About Endlessness M, 76 minutes, 4 stars.
While it seems like just yesterday, it is three decades since the Aussie comedy sketch series Full Frontal debuted. My favourite sketch saw Marg Downey in a colourful blouse and side-part as a fictional presenter on SBS TV.
The running gag across many episodes centred on the questionable interest and appeal in SBS programming.
"Not to be missed under any circumstances tomorrow," she announces in monotone in one episode, "the continuing story from Estonia, Blobovic and his Magic Paint Scraper."
"I can hardly contain my effervescent fervour," she sneers.
Swedish director Roy Andersson's existential cinematic musing About Endlessness is a brilliant bit of filmmaking, but it is so very, very arthouse, so European, so aesthetic, that I can hear it described in Marg Downey's SBS presenter voice.
Andersson ponders on the human condition in vignettes exploring the awfulness of life and its small joys.
"I can hardly wait for that one," the Marg Downey voice says.
The comedy narration in my head aside, it is a joy to take in this slow, deliberate and very staged film and appreciate the craft behind it.
Across a few dozen scenes, each lasting just a minute or two, the filmmaker takes us to snapshots cut out time across Europe, modern and past.
Each scene is a tableau, and some of them are mesmerising, some of them are beauteous, some are grim and stagey.
Outside a countryside cafe some girls push their bicycles up and take a seat while soldiers at another table admire them.
A father is walking with his daughter in heavy rain when her shoelace needs tying. The father kneels on the wet ground and puts down his own umbrella to tie the girl's laces.
In his bunker, Hitler and his remaining colleagues look to the ceiling as dust falls and the sounds of bombs drop overhead, a haunted and resigned look on their exhausted faces.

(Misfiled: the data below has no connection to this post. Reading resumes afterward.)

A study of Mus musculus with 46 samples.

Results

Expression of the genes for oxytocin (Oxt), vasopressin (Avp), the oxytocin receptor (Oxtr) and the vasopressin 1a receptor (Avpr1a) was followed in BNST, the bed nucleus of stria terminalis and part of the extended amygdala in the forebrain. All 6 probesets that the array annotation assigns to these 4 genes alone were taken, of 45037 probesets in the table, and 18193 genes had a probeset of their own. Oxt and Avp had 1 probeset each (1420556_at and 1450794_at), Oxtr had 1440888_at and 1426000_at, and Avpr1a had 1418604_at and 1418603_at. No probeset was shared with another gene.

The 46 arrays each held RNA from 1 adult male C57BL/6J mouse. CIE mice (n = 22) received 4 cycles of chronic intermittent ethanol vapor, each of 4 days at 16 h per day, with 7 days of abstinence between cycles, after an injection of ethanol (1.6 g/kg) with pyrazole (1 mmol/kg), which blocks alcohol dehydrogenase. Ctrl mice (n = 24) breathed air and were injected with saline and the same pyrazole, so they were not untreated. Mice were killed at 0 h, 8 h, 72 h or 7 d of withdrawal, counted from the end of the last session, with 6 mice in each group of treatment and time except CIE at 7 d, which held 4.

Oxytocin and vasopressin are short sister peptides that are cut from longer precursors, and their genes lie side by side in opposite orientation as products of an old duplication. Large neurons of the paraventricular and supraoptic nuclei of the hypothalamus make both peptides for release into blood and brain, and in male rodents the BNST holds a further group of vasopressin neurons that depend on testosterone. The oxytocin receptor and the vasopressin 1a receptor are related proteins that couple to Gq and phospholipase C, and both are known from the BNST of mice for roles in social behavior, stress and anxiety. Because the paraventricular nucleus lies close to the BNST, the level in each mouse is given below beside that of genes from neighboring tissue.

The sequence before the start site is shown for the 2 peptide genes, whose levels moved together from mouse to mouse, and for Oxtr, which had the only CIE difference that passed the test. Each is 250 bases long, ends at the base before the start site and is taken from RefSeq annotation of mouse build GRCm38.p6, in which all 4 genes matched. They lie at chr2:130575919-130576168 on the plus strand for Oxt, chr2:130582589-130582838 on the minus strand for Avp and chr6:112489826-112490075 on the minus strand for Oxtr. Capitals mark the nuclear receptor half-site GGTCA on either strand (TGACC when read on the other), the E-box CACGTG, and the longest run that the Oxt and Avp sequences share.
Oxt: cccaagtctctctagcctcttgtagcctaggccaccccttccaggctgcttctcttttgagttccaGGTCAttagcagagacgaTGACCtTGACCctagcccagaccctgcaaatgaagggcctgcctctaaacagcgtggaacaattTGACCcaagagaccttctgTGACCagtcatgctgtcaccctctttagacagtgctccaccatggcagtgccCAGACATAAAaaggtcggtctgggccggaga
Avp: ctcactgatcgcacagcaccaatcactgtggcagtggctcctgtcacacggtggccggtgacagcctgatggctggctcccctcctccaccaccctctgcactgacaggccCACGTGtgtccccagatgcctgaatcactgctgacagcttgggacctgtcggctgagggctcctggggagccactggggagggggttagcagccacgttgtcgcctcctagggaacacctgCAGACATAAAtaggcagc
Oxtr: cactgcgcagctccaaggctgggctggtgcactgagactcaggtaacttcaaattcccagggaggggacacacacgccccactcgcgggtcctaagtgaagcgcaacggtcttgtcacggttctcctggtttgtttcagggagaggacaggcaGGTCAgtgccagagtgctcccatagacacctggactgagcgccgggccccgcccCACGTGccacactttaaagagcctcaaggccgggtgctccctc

Soldiers in Siberia escort prisoners to a camp through the cold landscape.
A student explains the laws of thermodynamics to their colleague.
The thermodynamics discussion is a bit of a clue to the filmmakers intent, asking us to think about energy not ending but transforming.
Andersson was schooled under Bergman and across his career he has made his own statements.
In films like the 2014 Venice Film Festival Golden Lion winner A Pigeon Sat on a Branch Reflecting on Existence, he paints scenes on the ridiculousness of life.
All of his favourite modes of storytelling are here. Each scene is shot with a static camera and in a single take. He is a brilliant photographer and performs his own art direction, building sets that reference Renaissance and modernist masters in his own private studio. One scene evokes Marc Chagall with a couple floating through clouds and looking down over a grim European city.
His scenes are all different, though some characters do migrate between scenes. His performers are sometimes naturalistic, and sometimes very staged and exaggerated. Some are caked in thick white makeup. Are they ghosts? It's entirely up to you to interpret such things.
One of his favourite approaches to constructing a frame is to flood it with light and eliminate all shadows so his characters have nowhere to hide. Despite his lighting, the palette of most of his scenes are grey or beige.
A disembodied female voice narrates, framing scenes though not necessarily explaining them.
Characters express pain but those around them don't particularly care, and then there's the selfless act of the father ruining the knee of his suit to tie his daughters shoes in the rain. Andersson isn't saying there is balance, he's saying there are small moments of kindness and joy to cherish. Or is he?
Andersson talks in interviews about About Endlessness being his final work, which makes the viewing experience a bittersweet one for fans.